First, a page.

Press release issued: 11 December 2013
Britain’s education system is ‘doubly divided’ and needs to be addressed to give all young people the same opportunities, a new book published by a University of Bristol academic has found.
Professor Rosamund Sutherland’s latest book, Education and Social Justice in a Digital Age, uses the example of Bristol to highlight examples of severe injustice that pervade the educational system within the UK.
She argues that the system is doubly divided, firstly between private and state schools, and secondly between state schools that provide excellent educational opportunities for young people and those that do not - estimated as being approximately a quarter of state-maintained schools in England.
This resonates with the latest Ofsted report from the Chief Inspector of Schools Sir Michael Wilshaw, which is published today [11 December] and claims that ‘white working-class children are being written off far too often in England's schools’.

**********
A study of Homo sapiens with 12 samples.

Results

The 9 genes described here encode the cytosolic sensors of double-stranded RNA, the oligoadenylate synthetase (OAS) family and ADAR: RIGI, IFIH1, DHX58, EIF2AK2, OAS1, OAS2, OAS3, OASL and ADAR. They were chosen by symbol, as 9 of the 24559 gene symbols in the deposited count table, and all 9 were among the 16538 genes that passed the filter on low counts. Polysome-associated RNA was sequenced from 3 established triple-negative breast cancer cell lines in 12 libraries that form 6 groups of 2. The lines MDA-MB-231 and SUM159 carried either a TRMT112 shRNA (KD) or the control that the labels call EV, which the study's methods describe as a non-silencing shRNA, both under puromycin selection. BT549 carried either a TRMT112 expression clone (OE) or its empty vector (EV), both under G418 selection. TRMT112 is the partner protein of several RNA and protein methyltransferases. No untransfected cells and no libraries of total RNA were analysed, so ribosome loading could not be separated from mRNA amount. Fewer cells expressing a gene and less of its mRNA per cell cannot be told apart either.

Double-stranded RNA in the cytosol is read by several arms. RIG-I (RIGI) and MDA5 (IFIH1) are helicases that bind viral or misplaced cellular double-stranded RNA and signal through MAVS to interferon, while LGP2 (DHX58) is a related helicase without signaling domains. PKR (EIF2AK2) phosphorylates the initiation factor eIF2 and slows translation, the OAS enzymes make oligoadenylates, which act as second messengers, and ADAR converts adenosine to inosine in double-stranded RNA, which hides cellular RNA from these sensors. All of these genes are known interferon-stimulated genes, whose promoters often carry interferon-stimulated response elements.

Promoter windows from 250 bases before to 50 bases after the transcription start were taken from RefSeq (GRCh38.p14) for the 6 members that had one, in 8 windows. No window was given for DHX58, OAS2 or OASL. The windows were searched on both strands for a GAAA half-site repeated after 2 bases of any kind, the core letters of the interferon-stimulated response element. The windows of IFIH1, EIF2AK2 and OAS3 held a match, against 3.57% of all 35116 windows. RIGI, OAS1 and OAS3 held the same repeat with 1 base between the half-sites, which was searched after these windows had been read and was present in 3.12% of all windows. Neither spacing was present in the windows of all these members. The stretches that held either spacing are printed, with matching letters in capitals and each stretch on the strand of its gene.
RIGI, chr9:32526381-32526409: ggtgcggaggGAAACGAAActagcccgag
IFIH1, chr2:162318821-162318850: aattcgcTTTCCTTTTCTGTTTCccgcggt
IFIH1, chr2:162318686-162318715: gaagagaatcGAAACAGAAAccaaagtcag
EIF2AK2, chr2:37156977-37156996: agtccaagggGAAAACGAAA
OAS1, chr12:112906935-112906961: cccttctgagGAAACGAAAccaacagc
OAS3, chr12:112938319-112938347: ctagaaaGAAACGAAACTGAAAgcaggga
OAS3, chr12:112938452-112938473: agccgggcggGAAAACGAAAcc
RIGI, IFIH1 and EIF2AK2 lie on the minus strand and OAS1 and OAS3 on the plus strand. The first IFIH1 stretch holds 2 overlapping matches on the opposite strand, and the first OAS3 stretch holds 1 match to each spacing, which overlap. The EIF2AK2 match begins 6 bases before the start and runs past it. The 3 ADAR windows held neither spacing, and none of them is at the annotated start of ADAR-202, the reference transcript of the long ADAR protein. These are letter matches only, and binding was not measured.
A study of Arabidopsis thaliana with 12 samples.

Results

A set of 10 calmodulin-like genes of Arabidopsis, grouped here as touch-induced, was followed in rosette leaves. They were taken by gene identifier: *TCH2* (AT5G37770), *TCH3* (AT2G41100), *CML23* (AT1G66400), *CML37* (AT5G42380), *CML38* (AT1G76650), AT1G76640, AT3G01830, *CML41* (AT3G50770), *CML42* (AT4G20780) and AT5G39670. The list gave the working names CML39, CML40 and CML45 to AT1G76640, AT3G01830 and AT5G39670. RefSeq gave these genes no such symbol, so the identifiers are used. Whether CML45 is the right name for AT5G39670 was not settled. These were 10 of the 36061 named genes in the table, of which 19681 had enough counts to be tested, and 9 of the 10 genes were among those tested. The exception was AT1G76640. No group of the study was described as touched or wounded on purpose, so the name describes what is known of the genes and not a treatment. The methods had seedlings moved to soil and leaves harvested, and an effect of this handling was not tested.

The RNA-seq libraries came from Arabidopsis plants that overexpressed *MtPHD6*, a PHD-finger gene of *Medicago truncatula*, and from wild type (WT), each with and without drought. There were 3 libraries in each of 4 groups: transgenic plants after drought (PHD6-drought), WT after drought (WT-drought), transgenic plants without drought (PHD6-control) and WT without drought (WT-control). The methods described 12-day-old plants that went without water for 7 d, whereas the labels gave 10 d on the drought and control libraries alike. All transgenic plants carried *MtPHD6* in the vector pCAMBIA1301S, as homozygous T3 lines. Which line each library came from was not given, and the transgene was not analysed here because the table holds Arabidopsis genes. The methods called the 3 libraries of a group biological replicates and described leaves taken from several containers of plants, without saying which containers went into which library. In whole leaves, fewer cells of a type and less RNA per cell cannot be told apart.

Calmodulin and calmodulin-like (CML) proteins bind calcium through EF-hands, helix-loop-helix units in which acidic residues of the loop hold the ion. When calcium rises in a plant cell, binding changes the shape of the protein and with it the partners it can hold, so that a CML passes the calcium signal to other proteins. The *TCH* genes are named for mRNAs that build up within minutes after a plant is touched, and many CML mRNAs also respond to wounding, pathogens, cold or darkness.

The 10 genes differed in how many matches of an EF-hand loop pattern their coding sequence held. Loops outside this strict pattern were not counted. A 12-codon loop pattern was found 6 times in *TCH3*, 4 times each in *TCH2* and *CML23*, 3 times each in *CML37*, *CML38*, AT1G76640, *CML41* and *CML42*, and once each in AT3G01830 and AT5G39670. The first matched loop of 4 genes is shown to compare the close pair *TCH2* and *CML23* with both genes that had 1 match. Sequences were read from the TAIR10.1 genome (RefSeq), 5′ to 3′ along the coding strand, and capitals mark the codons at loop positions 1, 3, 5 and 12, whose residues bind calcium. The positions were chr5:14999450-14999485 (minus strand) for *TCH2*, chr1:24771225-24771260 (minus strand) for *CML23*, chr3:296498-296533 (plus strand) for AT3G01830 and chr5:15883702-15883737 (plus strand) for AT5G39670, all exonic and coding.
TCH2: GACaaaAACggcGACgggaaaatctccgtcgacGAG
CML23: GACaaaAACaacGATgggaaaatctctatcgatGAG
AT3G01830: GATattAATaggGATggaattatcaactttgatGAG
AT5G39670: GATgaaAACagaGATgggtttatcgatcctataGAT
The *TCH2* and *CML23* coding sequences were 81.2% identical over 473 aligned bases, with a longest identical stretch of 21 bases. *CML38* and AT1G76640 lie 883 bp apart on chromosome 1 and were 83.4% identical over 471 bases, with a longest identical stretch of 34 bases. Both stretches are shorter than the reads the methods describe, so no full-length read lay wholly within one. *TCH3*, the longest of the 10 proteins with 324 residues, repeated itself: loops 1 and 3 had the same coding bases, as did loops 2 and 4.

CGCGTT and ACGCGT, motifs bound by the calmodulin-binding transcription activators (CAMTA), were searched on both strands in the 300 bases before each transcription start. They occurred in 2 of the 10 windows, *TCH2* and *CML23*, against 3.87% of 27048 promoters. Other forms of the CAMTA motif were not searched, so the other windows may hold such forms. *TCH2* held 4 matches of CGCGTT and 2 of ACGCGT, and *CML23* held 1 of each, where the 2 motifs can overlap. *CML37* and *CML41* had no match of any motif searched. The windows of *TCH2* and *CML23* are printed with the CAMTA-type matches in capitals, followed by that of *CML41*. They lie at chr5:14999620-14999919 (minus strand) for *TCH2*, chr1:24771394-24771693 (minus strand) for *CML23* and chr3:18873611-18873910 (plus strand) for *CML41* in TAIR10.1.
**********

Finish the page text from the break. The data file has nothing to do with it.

Professor Sutherland, from Bristol University’s Graduate School of Education, said: “Something urgently has to be done about our divided educational system. It cannot be right that some people can choose to live in areas where a good education is a possibility while others have no choice about the quality of education on offer to their children.”
She questions how educational injustice can continue into the 21st Century, and asserts that a collective responsibility has to be taken at a local level to engage with the tension between competition and cooperation between schools.
The book also examines how schooling is changing during the digital age thanks to the wealth of technology and the opportunities for online learning. It warns that while such technology can have a transformative role to play in education, it can also exacerbate inequalities amongst pupils.
Education and Social Justice in a Digital Age is available to buy from the Policy Press website.